NEW YORK — CC Sabathia had been Xander Bogaerts’ Achilles heel.

Bogaerts, who has faced Sabathia more times than anybody else in his career, entered Sunday’s game against New York just 5 for 34 (.147) with one home run against the Yankees lefty.

Sabathia beat him the first time up with a cutter, high and tight. Bogaerts got jammed and popped up to right field.

In his next at-bat in the fourth inning, Bogaerts again got a similarly-placed cutter on a 2-2 count. This time he fouled it off. The next pitch was a hanging slider and Bogaerts hammered it deep over the left field wall.

“I remember he led off that at-bat with a slider and I remember seeing it good,” Bogaerts said after the Sox’ 8-5 win. “I battled, battled, battled, fouled, and he threw it again. I think it had something to do with the first one I saw. I recognized it good, let my hands stay back. Obviously I wasn’t expecting it to go like that once it left his hand, but I’ll take it.”

Bogaerts already has 12 homers this season and is on pace to shatter his career-high of 23 in a season, set in 2018.

“I think my mindset has changed,” he said. “I remember before, I used to see a big hole up the middle and just want to get a base hit up the middle, run hard, maybe get an infield hit. I don’t think like that no more. I think it’s the mindset I go up to the plate with. I still see that big hole, but it’s not something I want to do. I want to drive it.”

He’s excelled in the cleanup spot, hitting .305 with a .936 OPS. And he’s played in 56 of the team’s 59 games this year.

“I’ll take him over anybody,” David Price said. “Bogey stays even-keeled. Doesn’t matter if he’s going good or going bad, Bogey always shows up to play. Whether or not he’s feeling good physically or he’s ailing, it doesn’t matter. He’s always in that lineup, never gets days off. I don’t think he’s ever had a DH day in his career. Bogey is special.”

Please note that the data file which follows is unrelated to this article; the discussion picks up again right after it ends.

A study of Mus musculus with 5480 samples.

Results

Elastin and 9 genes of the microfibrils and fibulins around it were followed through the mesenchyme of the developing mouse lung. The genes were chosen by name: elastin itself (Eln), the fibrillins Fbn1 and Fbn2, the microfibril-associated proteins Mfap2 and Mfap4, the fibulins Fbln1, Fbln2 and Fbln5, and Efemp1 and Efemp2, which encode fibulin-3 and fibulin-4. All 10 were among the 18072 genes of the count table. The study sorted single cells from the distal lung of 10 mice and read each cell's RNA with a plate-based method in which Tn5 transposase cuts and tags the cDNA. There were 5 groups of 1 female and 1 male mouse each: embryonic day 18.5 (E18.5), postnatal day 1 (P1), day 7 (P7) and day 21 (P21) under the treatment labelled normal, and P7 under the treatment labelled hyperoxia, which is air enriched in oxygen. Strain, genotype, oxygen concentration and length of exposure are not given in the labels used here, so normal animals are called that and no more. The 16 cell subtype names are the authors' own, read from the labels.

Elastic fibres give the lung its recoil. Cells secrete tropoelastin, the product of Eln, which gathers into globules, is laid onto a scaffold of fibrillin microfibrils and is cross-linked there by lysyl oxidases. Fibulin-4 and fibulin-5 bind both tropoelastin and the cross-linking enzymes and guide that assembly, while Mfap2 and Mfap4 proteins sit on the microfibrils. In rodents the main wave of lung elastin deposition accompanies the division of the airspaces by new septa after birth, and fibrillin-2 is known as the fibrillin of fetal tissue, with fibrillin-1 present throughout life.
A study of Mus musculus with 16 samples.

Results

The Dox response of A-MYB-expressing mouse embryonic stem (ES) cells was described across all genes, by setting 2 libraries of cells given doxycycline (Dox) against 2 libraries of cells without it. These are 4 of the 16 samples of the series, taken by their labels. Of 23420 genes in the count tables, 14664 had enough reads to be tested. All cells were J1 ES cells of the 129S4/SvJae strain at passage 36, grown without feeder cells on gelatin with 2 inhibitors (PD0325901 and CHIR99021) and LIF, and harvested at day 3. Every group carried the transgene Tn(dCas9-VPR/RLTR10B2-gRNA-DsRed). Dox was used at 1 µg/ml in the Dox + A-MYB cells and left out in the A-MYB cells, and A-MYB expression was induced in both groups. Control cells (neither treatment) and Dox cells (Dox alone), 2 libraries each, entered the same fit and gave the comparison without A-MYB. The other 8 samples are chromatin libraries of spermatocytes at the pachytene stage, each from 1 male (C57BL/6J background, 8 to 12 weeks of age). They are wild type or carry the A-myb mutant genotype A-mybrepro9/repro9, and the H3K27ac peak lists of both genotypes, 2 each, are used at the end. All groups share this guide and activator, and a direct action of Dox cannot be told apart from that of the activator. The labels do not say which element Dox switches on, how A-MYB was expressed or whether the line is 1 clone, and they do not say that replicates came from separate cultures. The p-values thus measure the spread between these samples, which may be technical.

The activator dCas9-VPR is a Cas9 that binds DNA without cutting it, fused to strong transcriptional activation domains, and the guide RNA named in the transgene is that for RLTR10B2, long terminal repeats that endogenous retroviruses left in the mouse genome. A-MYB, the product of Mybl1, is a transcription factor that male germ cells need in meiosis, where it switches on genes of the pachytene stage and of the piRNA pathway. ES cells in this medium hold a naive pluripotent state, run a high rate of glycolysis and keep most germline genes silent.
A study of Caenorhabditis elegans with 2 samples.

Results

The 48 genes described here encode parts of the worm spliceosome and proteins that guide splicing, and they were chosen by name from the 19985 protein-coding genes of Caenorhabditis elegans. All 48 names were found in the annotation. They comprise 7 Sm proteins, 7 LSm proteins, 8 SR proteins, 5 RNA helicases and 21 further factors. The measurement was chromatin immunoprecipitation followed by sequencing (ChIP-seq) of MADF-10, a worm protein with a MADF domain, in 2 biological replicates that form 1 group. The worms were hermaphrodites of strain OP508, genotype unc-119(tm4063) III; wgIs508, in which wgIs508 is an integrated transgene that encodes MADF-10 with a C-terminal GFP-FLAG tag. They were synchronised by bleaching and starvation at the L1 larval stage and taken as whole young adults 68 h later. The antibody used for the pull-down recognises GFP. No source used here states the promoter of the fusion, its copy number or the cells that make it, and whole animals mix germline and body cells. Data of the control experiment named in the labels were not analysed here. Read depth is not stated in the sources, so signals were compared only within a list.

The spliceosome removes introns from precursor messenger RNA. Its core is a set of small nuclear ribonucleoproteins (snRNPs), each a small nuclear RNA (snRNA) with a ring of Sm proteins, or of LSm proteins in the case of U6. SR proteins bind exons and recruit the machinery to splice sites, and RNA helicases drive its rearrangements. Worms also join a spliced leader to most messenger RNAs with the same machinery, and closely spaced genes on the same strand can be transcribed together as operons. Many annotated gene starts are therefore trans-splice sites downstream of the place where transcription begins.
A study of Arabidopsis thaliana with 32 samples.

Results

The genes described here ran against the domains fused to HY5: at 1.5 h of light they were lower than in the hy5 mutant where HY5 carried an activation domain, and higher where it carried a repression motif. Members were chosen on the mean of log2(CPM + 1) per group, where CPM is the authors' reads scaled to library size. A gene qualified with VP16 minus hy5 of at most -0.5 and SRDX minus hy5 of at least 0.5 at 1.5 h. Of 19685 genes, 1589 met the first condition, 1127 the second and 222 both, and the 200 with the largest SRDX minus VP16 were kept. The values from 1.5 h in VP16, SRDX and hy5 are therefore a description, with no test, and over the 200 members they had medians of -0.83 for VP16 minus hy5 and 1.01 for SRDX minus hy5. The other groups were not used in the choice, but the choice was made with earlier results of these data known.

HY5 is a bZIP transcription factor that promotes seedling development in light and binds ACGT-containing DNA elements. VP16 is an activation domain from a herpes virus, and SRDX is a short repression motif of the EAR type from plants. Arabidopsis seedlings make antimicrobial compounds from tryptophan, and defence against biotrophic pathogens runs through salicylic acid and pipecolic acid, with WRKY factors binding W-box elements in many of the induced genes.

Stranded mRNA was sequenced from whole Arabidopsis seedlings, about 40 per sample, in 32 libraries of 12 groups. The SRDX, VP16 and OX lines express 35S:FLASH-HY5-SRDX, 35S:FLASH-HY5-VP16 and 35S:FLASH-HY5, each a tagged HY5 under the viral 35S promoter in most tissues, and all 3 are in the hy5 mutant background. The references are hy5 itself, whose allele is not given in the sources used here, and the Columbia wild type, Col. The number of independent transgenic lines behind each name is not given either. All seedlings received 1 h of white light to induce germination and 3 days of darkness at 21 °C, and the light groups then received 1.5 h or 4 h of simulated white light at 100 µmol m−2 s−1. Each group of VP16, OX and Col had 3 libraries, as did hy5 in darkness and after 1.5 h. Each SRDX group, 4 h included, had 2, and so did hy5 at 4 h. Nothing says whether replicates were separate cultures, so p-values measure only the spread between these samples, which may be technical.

Manager Alex Cora partially credited Bogaerts for Rafael Devers’ breakout season.

“He’s not only leading the team on the field but I think in the clubhouse,” Cora said. “He has to do a lot with what’s going on at third base too. Like I told you guys last year, he’s the only guy on this team that knows what it is to be on a championship-caliber team, a World Series team when you’re 20 or 21.”

After the team signed him to a six-year, $120-million extension before the season, Bogaerts said he felt like leadership was a priority.

“I would say so,” he said. “Obviously with the huge commitment that the team made me with me, you kind of feel that way.

“We have a lot of young guys here, and just trying to show them the right way to do things and keep yourself out of trouble. When I came up, we had a lot of veterans that were hard on us and I enjoyed it. It kind of taught you the right way. It’s the same thing we have to do now. Obviously we’re in a new generation, things are much looser, but there always have to be a few lines that you can’t cross and stuff you can’t do.”